Discover the Children’s Museum : From prison to museum
If there’s one paradoxical building in Costa Rica, it’s the famous Children’s Museum. What was once a dark prison filled with terror has become an arena of laughter and color. Its history is unique. Inaugurated in 1994, we wanted to tell you about its curious history.
Children’s Museum: chaotic beginnings until its closure
The Castle of Dreams is the name given to the building that once housed the old central penitentiary. And if you’re looking for sights in Costa Rica, the paradoxical building that is the famous Children’s Museum is an excellent option.
The famous “Peni”, as it was known as a penitentiary until 1994, when it became the only interactive museum in the country dedicated to children. Few know its history, however, and that’s why we wanted to remind you of it.
For 70 years, this was the headquarters of San José’s old central penitentiary. It was built in 1909.
In 1948, because of the civil war, many political prisoners ended up at “La Peni”. From 1950 onwards, the prison began a critical period of deterioration. The prison, designed for 350 people, housed over 1,000, and the hygienic and humane conditions in which the inmates lived were deplorable.
For the authorities, the situation was getting out of hand: promiscuity, drugs, filth, lack of water and poor infrastructural conditions meant that the building was described as a “national disgrace”, and the controversy generated by its dysfunction meant that on December 20, 1979, under the government of Rodrigo Carazo, the prison was closed.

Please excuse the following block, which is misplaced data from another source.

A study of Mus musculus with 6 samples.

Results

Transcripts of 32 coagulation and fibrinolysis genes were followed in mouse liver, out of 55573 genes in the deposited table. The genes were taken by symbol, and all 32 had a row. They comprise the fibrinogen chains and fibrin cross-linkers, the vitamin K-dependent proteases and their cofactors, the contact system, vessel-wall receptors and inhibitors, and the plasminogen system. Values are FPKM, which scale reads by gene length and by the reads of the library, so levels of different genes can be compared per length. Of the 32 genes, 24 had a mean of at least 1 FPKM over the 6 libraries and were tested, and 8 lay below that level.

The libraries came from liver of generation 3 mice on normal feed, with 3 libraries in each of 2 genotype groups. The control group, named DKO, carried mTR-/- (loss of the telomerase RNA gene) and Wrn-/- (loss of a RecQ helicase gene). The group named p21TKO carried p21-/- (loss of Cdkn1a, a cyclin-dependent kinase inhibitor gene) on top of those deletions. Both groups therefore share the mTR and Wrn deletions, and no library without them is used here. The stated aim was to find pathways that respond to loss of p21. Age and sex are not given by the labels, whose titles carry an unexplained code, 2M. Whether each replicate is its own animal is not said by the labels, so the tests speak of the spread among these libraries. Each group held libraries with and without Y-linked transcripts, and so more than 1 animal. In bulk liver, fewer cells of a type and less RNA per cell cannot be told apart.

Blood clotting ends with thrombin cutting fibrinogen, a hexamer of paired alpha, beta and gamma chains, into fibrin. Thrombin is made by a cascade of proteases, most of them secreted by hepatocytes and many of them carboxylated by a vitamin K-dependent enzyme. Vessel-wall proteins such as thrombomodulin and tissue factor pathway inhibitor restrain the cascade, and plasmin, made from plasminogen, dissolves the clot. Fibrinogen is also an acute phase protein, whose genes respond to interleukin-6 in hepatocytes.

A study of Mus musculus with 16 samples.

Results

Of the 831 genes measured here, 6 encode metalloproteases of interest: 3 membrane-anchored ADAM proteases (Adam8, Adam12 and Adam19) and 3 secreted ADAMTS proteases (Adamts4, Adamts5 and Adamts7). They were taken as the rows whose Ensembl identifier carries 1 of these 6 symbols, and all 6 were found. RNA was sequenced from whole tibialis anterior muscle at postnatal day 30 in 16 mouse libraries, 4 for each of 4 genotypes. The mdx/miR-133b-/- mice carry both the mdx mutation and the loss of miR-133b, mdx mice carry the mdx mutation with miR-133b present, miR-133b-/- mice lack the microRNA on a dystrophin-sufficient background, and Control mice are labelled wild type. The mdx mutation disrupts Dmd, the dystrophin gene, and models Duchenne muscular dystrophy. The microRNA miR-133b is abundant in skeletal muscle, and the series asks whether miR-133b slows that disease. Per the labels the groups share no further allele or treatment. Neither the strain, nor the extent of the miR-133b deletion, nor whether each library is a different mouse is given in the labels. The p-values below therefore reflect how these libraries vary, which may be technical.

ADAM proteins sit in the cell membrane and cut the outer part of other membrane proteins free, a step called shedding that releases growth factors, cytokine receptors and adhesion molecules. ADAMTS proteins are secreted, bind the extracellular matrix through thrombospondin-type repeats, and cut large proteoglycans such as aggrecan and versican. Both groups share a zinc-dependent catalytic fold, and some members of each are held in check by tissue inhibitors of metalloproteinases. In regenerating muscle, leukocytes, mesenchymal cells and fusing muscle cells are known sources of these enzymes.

After closure, the prison was abandoned, and it was under the administration of Rafael Ángel Calderón Fournier, in 1994, that the first lady, Gloria Bejarano, promoted the project to turn it into a Children’s Museum.
On April 27, 1994, the museum’s opening ceremony took place, with exhibits dedicated to children and their families.
From dark corridors littered with cold cells that held pain, sadness and despair, the Children’s Museum has become a building that shares all the smiles and joys of those who visit it.
In general, all museums are governed by the “see but don’t touch” rule. However, this child-friendly museum is all about “learning while having fun”. The idea is that play is at once learning, creativity, spontaneity, freedom of expression, social interaction and curiosity.
For those in charge of the Children’s Museum, the main aim of the institution is to contribute to the formation of critical, dynamic, creative and participative human beings, by promoting the values and implementation of activities that complement formal education.